3D Animation Lesson Plan

Instructor: Sharon Linde

Sharon has a Masters of Science in Mathematics

What is three-dimensional animation and how is it made? Answer these and other questions about the art with this lesson plan that includes an informational text, activities, and a quiz.

Learning Objectives

After this lesson, students will be able to:

  • define 3D animation
  • compare and contrast two and three-dimensional animation
  • explain the history of three-dimensional animation
  • describe the process of creating three-dimensional animation


1 - 1.5 hours

Curriculum Standards

  • CCSS.ELA-Literacy.RH.6-8.1

Cite specific textual evidence to support analysis of primary and secondary sources.

  • CCSS.ELA-Literacy.RH.6-8.3

Identify key steps in a text's description of a process related to history/social studies (e.g., how a bill becomes law, how interest rates are raised or lowered).

  • CCSS.ELA-Literacy.RH.6-8.4

Determine the meaning of words and phrases as they are used in a text, including vocabulary specific to domains related to history/social studies.


  • Copies of the lesson 3-D Animation: History & Definition, one for each student
  • Samples of three-dimensional video such as Gumby or Robot Chicken for student viewing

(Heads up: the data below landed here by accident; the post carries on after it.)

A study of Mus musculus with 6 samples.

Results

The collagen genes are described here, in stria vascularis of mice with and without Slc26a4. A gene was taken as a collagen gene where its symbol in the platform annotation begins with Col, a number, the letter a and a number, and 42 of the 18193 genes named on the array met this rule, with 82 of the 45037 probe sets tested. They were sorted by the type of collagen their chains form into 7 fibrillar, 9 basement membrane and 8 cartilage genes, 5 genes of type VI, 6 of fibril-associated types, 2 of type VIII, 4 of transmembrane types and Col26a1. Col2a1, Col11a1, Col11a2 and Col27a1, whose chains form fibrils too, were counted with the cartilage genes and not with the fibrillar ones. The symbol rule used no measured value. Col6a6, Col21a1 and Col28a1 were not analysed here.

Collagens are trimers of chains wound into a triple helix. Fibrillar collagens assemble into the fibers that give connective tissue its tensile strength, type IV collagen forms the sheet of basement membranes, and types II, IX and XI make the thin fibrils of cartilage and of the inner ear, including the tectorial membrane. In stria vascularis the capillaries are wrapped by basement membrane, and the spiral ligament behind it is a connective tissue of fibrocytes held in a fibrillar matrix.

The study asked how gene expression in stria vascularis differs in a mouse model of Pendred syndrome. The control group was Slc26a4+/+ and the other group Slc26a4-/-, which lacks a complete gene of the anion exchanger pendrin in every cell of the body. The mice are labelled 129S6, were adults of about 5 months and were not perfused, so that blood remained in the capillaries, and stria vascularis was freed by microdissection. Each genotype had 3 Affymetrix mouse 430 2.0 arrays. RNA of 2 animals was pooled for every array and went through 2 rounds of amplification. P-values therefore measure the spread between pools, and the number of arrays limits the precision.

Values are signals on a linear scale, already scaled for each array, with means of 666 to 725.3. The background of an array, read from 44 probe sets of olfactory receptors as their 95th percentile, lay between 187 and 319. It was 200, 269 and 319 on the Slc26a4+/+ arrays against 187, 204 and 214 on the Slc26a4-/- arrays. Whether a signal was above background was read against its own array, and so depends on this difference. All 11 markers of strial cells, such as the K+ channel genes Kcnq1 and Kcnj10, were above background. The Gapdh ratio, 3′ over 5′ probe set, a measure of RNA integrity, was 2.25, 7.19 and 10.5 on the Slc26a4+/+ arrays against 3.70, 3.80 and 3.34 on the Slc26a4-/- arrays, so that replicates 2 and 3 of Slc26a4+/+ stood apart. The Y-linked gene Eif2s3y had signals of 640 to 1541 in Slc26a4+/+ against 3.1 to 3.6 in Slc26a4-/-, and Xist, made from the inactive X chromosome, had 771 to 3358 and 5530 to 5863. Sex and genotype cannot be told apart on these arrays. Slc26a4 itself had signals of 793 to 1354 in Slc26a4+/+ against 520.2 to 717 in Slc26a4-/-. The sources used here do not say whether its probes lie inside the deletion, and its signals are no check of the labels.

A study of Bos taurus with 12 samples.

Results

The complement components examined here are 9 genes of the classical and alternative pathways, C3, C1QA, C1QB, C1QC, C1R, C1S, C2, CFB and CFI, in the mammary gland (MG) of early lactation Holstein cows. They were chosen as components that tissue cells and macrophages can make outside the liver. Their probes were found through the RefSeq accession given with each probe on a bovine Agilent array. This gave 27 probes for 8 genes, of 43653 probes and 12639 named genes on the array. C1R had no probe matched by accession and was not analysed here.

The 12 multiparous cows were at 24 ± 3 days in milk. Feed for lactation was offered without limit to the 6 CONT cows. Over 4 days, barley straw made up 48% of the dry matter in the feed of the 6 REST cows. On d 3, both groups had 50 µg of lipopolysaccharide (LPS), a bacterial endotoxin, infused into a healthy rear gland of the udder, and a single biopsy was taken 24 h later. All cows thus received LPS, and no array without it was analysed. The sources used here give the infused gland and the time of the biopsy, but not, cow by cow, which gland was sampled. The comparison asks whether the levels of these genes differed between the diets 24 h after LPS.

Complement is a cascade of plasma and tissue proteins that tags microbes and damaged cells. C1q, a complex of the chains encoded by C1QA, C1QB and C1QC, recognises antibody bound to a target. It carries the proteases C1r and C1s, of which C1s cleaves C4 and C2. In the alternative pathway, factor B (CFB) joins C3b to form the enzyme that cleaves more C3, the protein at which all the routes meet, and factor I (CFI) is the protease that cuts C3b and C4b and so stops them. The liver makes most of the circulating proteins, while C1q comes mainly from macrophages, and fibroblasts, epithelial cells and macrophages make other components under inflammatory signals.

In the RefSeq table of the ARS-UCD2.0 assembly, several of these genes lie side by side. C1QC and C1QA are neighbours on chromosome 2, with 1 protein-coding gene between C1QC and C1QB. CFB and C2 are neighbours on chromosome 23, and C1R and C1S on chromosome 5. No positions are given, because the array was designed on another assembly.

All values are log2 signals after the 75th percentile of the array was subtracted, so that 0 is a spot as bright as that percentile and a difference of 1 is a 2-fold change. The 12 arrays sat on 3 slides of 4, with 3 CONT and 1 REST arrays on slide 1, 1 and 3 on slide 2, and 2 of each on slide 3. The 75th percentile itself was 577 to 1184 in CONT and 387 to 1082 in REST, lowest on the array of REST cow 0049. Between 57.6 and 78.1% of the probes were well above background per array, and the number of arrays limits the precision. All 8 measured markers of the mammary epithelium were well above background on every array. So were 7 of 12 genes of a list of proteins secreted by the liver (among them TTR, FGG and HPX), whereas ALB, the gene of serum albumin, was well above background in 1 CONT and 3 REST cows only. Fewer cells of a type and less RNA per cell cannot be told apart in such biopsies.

• Technology with 3-D capabilities, if available
  • Clay
  • Paper
  • Scissors
  • Stapler
  • Cameras
  • Technology to upload and animate still images

Key Vocabulary

  • Animate
  • Flip-books
  • 2-D animation
  • Computer Generated Imagery (CGI)
  • Stop-motion
  • Claymation
  • Computer graphics

Warm-Up and Preparation

  • Give each student three pieces of paper and have them fold each piece into eighths.
  • Have students unfold paper and cut along the lines, stack the small papers, then staple them on the left side to create a small book.
  • Instruct students to create a flip-book using simple drawings. Demonstrate with a walking man.
  • When students are finished, allow them to share their books in a small group. Ask:
    • What type of animation is this?
    • Why do the images seem to move?
  • Tell students this is two-dimensional and explain they will be learning about three-dimensional animation today.

Direct Instruction

  • Set aside flip books and distribute the lesson 3-D Animation: History & Definition.
  • Read 'Definition of 3-D Versus 2-D Animation' together and discuss:
    • How are two-dimensional and three-dimensional animation similar?
    • How are they different?
  • Now read 'History of 3-D Animation' together and show images and video of some of the films mentioned in this section. Ask:
    • What do you notice about the evolution of three-dimensional animation?
    • What accounts for this evolution?
  • Give each small group index cards and have them write the titles for each animation movie mentioned in the section 'History of 3-D Animation' from Gumby to The Hobbit, leaving out the dates.
  • Tell groups to mix cards and set in a pile in the middle, flipping the first card and placing on the table.
  • Have each student take turns pulling a card and placing on the table either before or after the other cards to form a time-line of 3-D animation.
  • After this game, read the remainder of the lesson and have the students take the quiz in their groups.